Wide receiver Charlie Jones becoming reliable option for Hawkeye football

The Buffalo transfer is a top pass-catching option for Iowa, while also serving as the team’s best returner.


Iowa wide receiver Charlie Jones catches a ball for a touchdown during a football game between No. 10 Iowa and No. 9 Iowa State at Jack Trice Stadium in Ames on Saturday, Sept. 11, 2021. (Jerod Ringwald/The Daily Iowan)

Chloe Peterson, Assistant Sports Editor


AMES — Charlie Jones is all about confidence.

And not just the type of confidence that prevents him from calling a fair catch even with opposing players nearby, but the confidence that allows him to transfer from a Mid-American program and walk on at Iowa with the hopes of becoming a contributing wide receiver and lethal special teams player. Well, Jones’ confidence has paid off.

The then-No. 10 Hawkeyes took down the then-No. 9 Cyclones, 27-17, in the most anticipated Cy-Hawk game in series history behind Jones’s 144 all-purpose yards — including the first receiving touchdown of his Hawkeye career.

With one minute left in the first half, Jones made a leaping 26-yard touchdown grab from Hawkeye quarterback Spencer Petras after beating out double coverage with a post route to the middle of the field. The score put Iowa up, 14-3, en route to the team’s sixth consecutive win over Iowa State.

“That’s one of our base plays,” Jones said of the touchdown. “When I lined up, I knew that it was going to be an option for us. Spencer made a perfect throw to a spot that only I could get it so yeah, it was a great play.”

“It’s really just Charlie beating the man that’s responsible for him,” Petras added. “… The guys up front protected well. It’s a huge play against a really, really good defense. It was just well executed.”

To add to his total, Jones recorded 44 yards off Cyclone kickoff returns and 64 yards off punts on Saturday afternoon.

Jones started his college football career at the University of Buffalo, part of the Mid-American Conference, in 2017 as a wide receiver and kick returner. After two years with the Bulls, he transferred to Iowa as a walk-on in 2019 — sitting out his entire first season as a Hawkeye because of NCAA transfer rules.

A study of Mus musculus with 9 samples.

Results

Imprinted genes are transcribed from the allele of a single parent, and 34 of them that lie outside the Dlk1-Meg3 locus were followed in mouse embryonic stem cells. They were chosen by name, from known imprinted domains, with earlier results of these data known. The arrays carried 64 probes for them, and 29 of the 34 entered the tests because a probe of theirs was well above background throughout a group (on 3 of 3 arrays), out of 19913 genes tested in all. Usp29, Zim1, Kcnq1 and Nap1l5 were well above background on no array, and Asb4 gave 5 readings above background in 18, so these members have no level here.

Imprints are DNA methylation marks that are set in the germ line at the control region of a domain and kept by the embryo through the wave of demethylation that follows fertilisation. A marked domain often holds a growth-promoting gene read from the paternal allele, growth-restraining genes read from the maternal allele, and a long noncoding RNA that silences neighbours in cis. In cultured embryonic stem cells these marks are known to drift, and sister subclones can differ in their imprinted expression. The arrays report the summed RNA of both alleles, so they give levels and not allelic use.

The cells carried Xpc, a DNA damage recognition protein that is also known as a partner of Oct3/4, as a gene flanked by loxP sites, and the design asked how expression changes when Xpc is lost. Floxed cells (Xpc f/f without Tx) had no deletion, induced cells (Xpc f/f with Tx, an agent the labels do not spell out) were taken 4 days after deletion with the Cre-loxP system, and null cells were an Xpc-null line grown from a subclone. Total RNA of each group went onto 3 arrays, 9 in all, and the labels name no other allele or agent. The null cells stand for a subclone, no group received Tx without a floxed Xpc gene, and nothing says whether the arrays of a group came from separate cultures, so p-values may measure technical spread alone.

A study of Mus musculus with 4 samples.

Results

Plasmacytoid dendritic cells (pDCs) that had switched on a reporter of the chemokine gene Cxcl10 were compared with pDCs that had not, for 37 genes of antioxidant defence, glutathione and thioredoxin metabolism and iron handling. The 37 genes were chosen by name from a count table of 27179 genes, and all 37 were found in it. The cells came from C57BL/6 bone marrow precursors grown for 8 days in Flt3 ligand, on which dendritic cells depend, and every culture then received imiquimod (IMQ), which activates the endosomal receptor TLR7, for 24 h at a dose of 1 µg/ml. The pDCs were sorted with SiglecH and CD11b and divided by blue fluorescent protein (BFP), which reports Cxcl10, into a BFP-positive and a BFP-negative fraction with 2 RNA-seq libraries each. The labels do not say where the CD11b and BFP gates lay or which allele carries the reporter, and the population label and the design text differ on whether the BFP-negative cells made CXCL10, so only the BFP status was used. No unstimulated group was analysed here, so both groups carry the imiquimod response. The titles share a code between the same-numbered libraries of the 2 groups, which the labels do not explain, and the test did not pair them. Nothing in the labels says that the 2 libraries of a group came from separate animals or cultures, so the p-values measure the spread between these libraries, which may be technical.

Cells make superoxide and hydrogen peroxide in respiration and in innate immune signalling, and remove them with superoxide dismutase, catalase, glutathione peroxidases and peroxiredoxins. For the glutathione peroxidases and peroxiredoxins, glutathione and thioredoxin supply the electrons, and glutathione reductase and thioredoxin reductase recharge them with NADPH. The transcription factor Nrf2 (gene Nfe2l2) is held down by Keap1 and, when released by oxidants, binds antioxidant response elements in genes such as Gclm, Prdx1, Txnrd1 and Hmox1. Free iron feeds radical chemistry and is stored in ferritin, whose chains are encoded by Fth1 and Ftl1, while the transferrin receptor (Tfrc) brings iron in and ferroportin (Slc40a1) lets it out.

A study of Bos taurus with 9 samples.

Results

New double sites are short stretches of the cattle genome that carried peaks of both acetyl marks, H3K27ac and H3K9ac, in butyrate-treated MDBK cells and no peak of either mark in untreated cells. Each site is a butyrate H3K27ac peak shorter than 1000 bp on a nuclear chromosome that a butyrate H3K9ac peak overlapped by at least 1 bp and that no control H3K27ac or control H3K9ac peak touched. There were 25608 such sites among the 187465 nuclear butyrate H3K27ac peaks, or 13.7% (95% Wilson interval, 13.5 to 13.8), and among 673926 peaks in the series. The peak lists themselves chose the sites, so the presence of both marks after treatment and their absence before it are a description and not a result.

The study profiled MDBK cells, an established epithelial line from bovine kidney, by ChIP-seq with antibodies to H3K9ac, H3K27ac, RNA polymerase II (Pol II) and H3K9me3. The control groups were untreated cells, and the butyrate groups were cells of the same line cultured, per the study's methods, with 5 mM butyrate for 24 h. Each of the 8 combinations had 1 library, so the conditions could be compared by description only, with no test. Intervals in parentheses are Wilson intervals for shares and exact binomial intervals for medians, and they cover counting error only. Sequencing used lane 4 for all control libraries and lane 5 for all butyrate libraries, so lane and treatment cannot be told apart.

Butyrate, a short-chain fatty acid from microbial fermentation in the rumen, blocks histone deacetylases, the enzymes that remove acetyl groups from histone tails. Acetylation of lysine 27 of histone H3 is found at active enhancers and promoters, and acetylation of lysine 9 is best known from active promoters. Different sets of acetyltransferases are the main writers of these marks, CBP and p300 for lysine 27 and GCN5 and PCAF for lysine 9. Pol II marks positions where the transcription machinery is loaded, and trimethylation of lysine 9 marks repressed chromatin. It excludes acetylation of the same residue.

But when Jones took to the field in 2020 as the Hawkeyes’ main kick return specialist, he led the Big Ten with a 10.5-yard return average — good for first-team All-Big Ten return specialist honors from Phil Steele.

RELATED: Grading the Iowa football team’s 27-17 win over Iowa State

“It’s definitely been a long journey,” Jones said. “But we’re not done yet, we’re just getting started… I took a risk leaving Buffalo, I’m excited my hard work is paying off, but I still have a lot more to prove.”

Jones has shown himself deserving of an expanded role as a Hawkeye wide receiver. Jones, from Illinois, started the 2021 season in the two-deep in the wide receiver room, behind juniors Tyrone Tracy Jr. and Nico Ragaini.

Through two games, Jones is second on the Hawkeye leaderboard with 38 receiving yards behind junior tight end Sam LaPorta — topping Tracy Jr. and Ragaini, who have 27 and 21, respectively.

Jones’ first reception of the season came on a crucial fourth-and-2 play against Indiana, and his third was his first touchdown in the Black and Gold.

“It was a year ago last fall when we realized what kind of returner [Jones] was and the capabilities he has that way,” head coach Kirk Ferentz said. “He did a great job all season long with the return game. It started with judgement, really good judgement with the ball, so he has a lot of courage back there because that’s a tough position.”

“We’ve been able to watch him in practice just evolve, continue to evolve, and become a good receiver,” Ferentz added. “He was OK last year, but now he’s really fitting into our offense.”

For Jones, his success is all about confidence — and his roommate, sophomore punter Tory Taylor, who helps him prepare every week.

“I think it all comes down to confidence,” Jones said. “Confidence in the way I prepare in the offseason. Tory, we’re always out there and he’s punting to me. Confidence in the guys that I have blocking. They take this stuff seriously, and they really work hard at it, and it gives me confidence.”